Shattering The Release Window

Nov 27 2012 @ 4:44pm

Driven to illegally downloading his new favorite show, "Homeland", Frederic Filloux wants to end release windows, or the amount of time between the airing of a TV show or movie and its availability online or through DVD:

Motion pictures should probably be granted a short headstart in the release process. But it should coincide with the theatrical lifetime of a production of about three to four weeks. Even better, it should be adjusted to the box office life – if a movie performs so well that people keep flocking to cinemas, DVDs should wait. On the contrary, if the movie bombs, it should be given a chance to resurrect online, quickly, sustained by a cheaper but better targeted marketing campaign mostly powered by social networks.

Similarly, movie releases should be simultaneous and global.

I see no reason why Apple or Microsoft are able to make their products available worldwide almost at the same time while a moviegoer has to wait three weeks here or two months there. As for the DVD release windows, it should go along with the complete availability of a movie for all possible audiences, worldwide and on every medium. Why? Because the release on DVD systematically opens piracy floodgates (but not for the legitimate purchase on Netflix, Amazon Prime or iTunes).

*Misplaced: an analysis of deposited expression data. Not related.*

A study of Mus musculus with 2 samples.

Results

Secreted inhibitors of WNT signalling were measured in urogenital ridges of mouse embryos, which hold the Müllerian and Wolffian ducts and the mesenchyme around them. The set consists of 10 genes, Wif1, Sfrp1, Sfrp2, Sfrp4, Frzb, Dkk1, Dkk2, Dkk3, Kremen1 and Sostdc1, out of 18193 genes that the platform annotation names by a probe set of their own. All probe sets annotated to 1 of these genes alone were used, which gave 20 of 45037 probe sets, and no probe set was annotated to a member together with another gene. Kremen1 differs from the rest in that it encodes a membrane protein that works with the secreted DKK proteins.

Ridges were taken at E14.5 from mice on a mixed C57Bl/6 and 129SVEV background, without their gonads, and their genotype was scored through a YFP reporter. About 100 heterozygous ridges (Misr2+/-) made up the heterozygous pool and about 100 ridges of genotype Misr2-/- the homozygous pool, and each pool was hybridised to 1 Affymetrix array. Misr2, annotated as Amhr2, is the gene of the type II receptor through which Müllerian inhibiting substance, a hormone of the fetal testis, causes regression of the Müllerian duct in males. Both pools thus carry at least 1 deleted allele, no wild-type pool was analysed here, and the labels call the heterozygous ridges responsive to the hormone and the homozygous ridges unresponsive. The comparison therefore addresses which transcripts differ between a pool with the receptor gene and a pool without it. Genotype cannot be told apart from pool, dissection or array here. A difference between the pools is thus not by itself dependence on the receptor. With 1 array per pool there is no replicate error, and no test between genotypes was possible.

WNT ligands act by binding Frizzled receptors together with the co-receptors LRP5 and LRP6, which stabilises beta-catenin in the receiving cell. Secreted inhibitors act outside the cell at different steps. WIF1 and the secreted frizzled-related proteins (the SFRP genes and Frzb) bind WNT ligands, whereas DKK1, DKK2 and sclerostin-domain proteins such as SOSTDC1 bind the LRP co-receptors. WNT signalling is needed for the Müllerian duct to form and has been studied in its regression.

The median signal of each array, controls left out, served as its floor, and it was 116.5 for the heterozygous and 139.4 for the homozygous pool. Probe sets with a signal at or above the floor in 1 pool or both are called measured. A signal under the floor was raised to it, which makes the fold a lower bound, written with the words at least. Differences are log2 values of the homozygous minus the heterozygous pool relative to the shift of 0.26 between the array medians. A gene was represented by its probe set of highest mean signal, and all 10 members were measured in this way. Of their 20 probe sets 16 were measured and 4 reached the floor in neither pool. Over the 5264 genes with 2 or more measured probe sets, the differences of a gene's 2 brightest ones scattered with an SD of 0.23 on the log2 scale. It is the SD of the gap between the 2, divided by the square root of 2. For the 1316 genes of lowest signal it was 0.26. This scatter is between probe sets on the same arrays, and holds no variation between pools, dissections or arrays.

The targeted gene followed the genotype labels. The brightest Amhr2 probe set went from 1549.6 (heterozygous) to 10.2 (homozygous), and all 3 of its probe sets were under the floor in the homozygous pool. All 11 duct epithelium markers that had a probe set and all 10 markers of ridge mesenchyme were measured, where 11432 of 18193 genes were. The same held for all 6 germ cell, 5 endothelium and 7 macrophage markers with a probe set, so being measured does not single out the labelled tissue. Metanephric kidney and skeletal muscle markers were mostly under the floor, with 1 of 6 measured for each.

I've effectively stopped "going to" the movies, because TVs are as good, if not as giant, and because I don't like crowds, can stop the movie at home to take a pee or grab some munchies, and rewind parts I didn't quite catch.

And I think all the publicity and promotion for movies would be more productive if reviews came out and potential viewers could all watch it the same night. Movie theaters would go the way of books in a Tablet world. They'd be for purists, nostalgics and those who need the big movie event experience. But increasingly, with HD and 3D TVs competing, you need an Imax to really get the full benefits of physical scale.

I think a huge market exists for people who read a review on Friday morning and download it Friday night. Because they have to wait their attention wanders. Then the movie is out of theaters for a while. By the time it's available on your TV, all the marketing money is essentially useless. I'm sure movie-theaters want to resist the direct-to-viewer streaming and downloading. But so did Blockbuster.